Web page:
Guitar For Dummies

After you decide to take the plunge into higher-quality amplifiers, you have a galaxy of makes and models from which to choose. Talk to other guitarists and music salespeople, read guitar magazines, and listen to recordings to find out what amps the artists you like use. Your choice of amp is just as personal and individual as that of your guitar. The amp must not only sound good but also look good and feel as if it's just the right amp for you. The pursuit of the perfect amp is as elusive as the quest for the perfect guitar. Well, almost.

Performance amps are more powerful than practice amps. More power doesn't just mean a louder amp. Increased power also delivers a cleaner, purer signal at higher volumes. In other words, if two amps of different power are producing the same overall loudness, the more powerful amp yields the cleaner, undistorted signal.

A 50-watt amp is usually more than sufficient for home and normal performing circumstances, such as playing in a five-piece band at a local club or other performance venue. If you play larger venues or play in a genre that requires unusually loud levels — such as heavy metal — go with 100 watts. Some players who desire a squeaky-clean sound and who run in stereo (requiring double the power) may opt for 100 watts regardless, because they can stay cleaner at louder levels.

Many amps can operate at either 100 or 50 watts by enabling you to select the power via a switch. Why would you want to operate at 50 watts when you paid for a 100-watt amp? Because a 50-watt amp breaks up, or distorts, sooner (at a lower level) than a 100-watt one does, and for many types of music (blues, rock, metal), this distortion is desirable.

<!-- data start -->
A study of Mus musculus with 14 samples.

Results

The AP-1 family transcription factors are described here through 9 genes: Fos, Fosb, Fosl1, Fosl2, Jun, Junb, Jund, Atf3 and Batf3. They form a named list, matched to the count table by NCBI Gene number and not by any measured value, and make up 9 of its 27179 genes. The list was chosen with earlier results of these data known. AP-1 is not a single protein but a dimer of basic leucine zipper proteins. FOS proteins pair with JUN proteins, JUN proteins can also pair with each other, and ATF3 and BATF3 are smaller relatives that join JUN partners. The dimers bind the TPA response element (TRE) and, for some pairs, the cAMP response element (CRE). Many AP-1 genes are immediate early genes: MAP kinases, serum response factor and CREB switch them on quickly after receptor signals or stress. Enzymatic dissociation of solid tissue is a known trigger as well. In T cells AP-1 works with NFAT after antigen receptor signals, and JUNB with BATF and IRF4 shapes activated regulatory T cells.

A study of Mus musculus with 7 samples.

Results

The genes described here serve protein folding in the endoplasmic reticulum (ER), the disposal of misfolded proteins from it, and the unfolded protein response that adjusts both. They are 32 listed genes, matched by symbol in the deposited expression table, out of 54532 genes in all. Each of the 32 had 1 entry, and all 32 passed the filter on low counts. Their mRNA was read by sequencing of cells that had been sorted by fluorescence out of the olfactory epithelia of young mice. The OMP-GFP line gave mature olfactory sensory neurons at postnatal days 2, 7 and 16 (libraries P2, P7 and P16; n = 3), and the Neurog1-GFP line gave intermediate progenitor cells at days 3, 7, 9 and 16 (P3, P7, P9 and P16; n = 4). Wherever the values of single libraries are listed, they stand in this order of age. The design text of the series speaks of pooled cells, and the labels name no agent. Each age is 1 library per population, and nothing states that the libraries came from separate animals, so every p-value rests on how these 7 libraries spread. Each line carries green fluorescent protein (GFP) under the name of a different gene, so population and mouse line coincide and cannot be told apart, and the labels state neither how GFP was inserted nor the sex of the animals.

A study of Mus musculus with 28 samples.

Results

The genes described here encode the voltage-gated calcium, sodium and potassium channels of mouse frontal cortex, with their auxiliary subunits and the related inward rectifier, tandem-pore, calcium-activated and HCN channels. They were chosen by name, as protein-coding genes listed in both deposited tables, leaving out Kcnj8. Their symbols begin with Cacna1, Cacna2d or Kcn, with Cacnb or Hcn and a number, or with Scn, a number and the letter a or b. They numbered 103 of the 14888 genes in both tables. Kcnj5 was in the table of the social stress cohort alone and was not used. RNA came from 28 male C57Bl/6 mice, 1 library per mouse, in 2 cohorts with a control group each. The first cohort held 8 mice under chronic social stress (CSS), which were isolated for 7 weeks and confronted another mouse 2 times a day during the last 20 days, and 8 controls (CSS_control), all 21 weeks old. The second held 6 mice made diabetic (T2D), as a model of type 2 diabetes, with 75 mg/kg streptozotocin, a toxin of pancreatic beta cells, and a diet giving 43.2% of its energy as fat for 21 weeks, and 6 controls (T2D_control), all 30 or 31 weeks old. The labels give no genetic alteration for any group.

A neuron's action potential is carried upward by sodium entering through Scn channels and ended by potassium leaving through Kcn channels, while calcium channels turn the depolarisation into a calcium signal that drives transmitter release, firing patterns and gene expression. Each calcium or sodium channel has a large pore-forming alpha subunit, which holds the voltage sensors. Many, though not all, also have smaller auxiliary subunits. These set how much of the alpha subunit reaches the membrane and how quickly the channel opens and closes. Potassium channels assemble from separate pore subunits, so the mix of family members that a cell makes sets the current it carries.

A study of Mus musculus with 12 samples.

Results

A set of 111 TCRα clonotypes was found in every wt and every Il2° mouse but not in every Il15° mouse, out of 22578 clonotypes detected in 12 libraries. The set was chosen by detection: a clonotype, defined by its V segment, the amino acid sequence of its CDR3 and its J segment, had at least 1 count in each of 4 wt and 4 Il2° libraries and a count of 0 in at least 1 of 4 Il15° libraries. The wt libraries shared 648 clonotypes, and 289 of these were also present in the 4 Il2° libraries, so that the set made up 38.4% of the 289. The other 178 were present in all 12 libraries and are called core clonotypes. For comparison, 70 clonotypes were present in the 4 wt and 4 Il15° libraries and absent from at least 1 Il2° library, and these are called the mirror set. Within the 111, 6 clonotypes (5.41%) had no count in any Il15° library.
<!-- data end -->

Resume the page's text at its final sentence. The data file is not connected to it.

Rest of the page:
Once upon a time, all electronic circuits were powered by vacuum tubes — those glass cylinders that glow red in the back of old radios. As technology has developed, solid-state electronics (which consist of transistors and, later, microchips) have replaced tubes, except in guitar amps. The latest generation of amps feature digital technology to model, or emulate, a variety of guitar tones and effects.

Many argue, however, that tube technology still produces the best tone (warmest and fullest, due in part to the way tubes affect the signal) for guitars because, although they're not as efficient or even as accurate in faithfully reproducing the original signal, tube amps actually deliver the most musical tone. All your favorite guitarists record and play exclusively with tube amps, from the 100-watt Marshall to the Fender Twin Reverb, to the Vox AC30 and the MESA/Boogie Dual Rectifier.

As a beginner, you may not appreciate (or care about) the differences between tube and solid-state tone. You can get good-sounding distortion out of a solid-state amp anyway, which is usually cheaper, so you should probably go with a solid-state amp and ignore the whole tone debate. Besides, you may prefer to get your distortion sound from a pedal, and then the whole issue is moot.

Look instead for features such as built-in effects (reverb, chorus, and so on) and a headphone jack. Above all, listen to the sound and turn the knobs. If you like what you hear and feel comfortable dialing in the different sounds, the amp is for you.

About This Article

This article is from the book:

About the book authors:

Mark Phillips is a former director of music at Cherry Lane Music, where he edited or arranged the songbooks of such artists as John Denver, Van Halen, Guns N??? Roses, and Metallica.

Jon Chappell is a multistyle guitarist, arranger, and former editor-in-chief of Guitar magazine.